Changes cannot be made to an irrevocable trust except under very limited circumstances, and beneficiaries cannot be changed.
An irrevocable trust is an agreement between the grantor — the creator of a trust — and the trustee, the person or entity given control over property in a trust, who serves in a fiduciary capacity.
An irrevocable trust determines beneficiaries, and once assets are transferred to the trust they cannot be removed from the trust by the grantor. Changes cannot be made to an irrevocable trust except under very limited circumstances, and beneficiaries cannot be changed. Essentially, once an irrevocable trust is created and property transferred, the trust terms govern how the assets are to be used and the grantor loses control of property.
In most cases, assets owned by an irrevocable trust are protected from the creditors of the trust’s beneficiaries. Florida’s Trust Code (Florida Statutes Chapter 736) states that a trust beneficiary’s creditor cannot compel a distribution from a trust that is subject to a trustee’s discretion. This means that if a trustee has discretion of when and how much funds to distribute to a beneficiary of a trust, then the creditor cannot reach the trust funds. If a beneficiary is also serving as the trustee, then the trustee’s discretion must be limited by an ascertainable standard in order to limit a creditor from reaching the trust’s assets or compelling distributions.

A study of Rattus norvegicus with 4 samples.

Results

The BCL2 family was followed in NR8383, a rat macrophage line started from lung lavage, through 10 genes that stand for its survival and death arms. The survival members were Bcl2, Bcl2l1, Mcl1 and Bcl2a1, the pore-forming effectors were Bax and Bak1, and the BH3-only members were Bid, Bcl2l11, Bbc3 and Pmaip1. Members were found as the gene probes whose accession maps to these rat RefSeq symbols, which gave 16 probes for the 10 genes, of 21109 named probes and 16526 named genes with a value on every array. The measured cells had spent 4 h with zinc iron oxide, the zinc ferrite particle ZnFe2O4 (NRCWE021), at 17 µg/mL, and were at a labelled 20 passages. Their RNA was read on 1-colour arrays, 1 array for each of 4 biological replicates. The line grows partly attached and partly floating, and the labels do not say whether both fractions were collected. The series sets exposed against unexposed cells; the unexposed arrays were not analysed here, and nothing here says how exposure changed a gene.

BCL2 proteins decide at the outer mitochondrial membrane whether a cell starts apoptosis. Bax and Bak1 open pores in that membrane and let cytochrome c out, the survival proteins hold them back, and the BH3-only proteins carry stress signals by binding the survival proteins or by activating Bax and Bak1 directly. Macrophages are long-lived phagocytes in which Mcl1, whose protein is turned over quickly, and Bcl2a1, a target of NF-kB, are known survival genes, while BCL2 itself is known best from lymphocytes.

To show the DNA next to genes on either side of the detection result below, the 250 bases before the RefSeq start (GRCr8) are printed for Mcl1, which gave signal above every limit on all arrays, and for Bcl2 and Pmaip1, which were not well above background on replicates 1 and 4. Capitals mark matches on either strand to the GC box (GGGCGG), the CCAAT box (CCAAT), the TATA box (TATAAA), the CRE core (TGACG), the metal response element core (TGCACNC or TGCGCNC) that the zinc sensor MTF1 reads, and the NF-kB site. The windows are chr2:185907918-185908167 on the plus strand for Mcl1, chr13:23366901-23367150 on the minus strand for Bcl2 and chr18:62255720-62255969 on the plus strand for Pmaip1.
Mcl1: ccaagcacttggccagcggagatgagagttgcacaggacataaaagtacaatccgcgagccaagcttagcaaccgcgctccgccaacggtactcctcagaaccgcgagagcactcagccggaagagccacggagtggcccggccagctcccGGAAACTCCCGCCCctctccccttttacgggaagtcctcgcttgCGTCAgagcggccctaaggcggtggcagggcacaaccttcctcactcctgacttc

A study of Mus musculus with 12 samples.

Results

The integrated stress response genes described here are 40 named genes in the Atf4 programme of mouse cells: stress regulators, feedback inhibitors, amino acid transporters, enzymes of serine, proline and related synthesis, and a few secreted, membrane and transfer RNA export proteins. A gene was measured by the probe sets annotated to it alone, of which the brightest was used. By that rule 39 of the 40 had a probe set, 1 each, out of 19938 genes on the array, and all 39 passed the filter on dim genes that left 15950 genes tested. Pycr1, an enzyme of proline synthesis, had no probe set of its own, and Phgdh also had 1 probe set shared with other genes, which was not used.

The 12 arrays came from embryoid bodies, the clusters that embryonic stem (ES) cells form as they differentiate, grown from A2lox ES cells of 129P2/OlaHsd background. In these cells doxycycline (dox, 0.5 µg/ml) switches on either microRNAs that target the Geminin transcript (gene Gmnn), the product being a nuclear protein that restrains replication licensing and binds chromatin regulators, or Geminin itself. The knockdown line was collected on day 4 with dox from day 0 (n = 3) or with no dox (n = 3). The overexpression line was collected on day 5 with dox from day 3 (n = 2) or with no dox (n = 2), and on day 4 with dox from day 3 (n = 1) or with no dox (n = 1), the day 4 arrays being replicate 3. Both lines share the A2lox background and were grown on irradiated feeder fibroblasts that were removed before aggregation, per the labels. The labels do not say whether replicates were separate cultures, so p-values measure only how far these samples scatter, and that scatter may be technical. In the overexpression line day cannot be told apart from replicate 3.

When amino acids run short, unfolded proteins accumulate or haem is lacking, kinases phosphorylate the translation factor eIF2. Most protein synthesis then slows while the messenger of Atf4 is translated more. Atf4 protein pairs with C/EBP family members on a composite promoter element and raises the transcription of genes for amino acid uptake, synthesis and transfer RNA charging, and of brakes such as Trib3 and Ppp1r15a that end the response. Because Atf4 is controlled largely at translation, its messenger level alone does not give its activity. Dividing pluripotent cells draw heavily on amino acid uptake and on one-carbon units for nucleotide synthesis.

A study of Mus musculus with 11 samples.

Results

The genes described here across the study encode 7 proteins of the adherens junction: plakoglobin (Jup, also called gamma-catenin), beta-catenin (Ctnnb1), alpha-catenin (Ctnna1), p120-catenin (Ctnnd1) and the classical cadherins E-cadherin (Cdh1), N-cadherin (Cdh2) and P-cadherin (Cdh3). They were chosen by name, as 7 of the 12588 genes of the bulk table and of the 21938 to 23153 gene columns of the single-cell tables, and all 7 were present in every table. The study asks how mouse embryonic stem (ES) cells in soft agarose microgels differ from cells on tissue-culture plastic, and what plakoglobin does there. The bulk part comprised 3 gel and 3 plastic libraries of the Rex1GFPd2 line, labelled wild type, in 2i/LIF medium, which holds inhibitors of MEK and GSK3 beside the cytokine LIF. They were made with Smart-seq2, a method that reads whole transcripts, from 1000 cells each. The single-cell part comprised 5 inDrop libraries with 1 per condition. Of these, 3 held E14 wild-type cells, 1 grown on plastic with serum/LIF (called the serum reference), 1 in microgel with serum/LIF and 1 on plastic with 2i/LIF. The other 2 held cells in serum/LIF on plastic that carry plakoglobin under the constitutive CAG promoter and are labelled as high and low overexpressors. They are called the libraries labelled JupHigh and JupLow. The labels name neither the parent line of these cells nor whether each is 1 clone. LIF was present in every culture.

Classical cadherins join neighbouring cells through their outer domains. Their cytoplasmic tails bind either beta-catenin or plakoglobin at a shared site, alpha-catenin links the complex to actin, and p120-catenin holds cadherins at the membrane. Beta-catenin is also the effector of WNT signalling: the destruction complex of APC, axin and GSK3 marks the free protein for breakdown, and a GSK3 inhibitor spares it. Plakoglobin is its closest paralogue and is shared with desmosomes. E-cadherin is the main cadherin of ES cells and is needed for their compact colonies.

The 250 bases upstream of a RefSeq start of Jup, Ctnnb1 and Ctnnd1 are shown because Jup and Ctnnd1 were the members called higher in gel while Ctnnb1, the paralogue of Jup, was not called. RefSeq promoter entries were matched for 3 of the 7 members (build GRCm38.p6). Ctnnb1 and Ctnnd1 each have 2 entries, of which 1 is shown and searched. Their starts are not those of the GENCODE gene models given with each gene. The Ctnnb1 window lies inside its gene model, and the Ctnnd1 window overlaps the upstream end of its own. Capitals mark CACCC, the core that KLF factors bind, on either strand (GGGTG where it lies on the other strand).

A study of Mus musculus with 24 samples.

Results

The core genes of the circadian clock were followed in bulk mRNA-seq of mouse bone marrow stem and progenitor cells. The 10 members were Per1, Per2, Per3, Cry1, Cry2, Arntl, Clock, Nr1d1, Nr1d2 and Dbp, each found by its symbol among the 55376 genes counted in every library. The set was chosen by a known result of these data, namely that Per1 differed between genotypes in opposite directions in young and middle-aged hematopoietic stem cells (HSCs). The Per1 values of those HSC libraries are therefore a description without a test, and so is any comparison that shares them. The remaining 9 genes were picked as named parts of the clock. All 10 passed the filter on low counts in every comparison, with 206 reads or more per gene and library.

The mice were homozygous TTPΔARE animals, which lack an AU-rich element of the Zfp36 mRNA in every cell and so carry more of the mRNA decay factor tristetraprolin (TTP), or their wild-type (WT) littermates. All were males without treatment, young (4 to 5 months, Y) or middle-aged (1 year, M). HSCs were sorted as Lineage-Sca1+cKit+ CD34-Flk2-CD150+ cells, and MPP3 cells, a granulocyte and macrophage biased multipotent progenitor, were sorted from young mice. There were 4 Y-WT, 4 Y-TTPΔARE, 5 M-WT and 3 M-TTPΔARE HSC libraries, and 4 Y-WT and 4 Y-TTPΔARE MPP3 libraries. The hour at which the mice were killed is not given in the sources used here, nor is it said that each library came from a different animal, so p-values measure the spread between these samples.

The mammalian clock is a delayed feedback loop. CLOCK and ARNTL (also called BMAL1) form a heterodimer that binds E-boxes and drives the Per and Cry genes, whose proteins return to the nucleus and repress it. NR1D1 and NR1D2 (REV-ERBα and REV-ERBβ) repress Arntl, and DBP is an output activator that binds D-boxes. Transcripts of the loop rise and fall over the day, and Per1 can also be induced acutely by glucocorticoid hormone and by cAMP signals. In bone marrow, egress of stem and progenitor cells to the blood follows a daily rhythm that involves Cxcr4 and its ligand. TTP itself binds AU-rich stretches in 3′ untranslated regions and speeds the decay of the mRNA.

An irrevocable trust is a separate taxpayer and the trustee must obtain an Employer Identification Number from the Internal Revenue Service. The two most important tax forms for irrevocable trusts are the Form 1041, which is similar to the Form 1040, and the K-1.
On the Form 1041, the trust deducts from its own taxable income any interest that it distributes to the trust beneficiaries. The trustee files the Form 1041 each year in which an irrevocable trust generates sufficient income. The trust also issues a K-1 to each beneficiary and the K-1 shows how much of the money being distributed from the trust was interest versus principal.
The K-1 is the tax form that lets the trust beneficiary know their own income tax liability from trust distributions received from the trust each year. It is important for trustees of irrevocable trusts to have a qualified accountant assist with annual irrevocable trust filing requirements.
Irrevocable trusts are governed by both the terms in the actual trust document and the Florida Trust Code. It’s important that a trustee understands the trust’s requirements imposed on him before he accepts the role of trustee. A trustee should seek the counsel of a qualified estate planning and trust administration lawyer should there be concerns on how to administer a trust or if issues with a beneficiary arise. Failure to properly administer a trust can result in liability to the trustee.
Irrevocable trusts can be created for not only estate planning, but also asset protection. You can create irrevocable trusts to remove assets from an estate to help reduce federal estate taxes. Irrevocable trusts can be used to protect a disabled person from losing or being disqualified from governmental benefits. This type of irrevocable trust is commonly referred to as a special needs trust. Other irrevocable trusts can be created for charitable giving. Further, revocable trusts will become irrevocable upon the grantor’s death.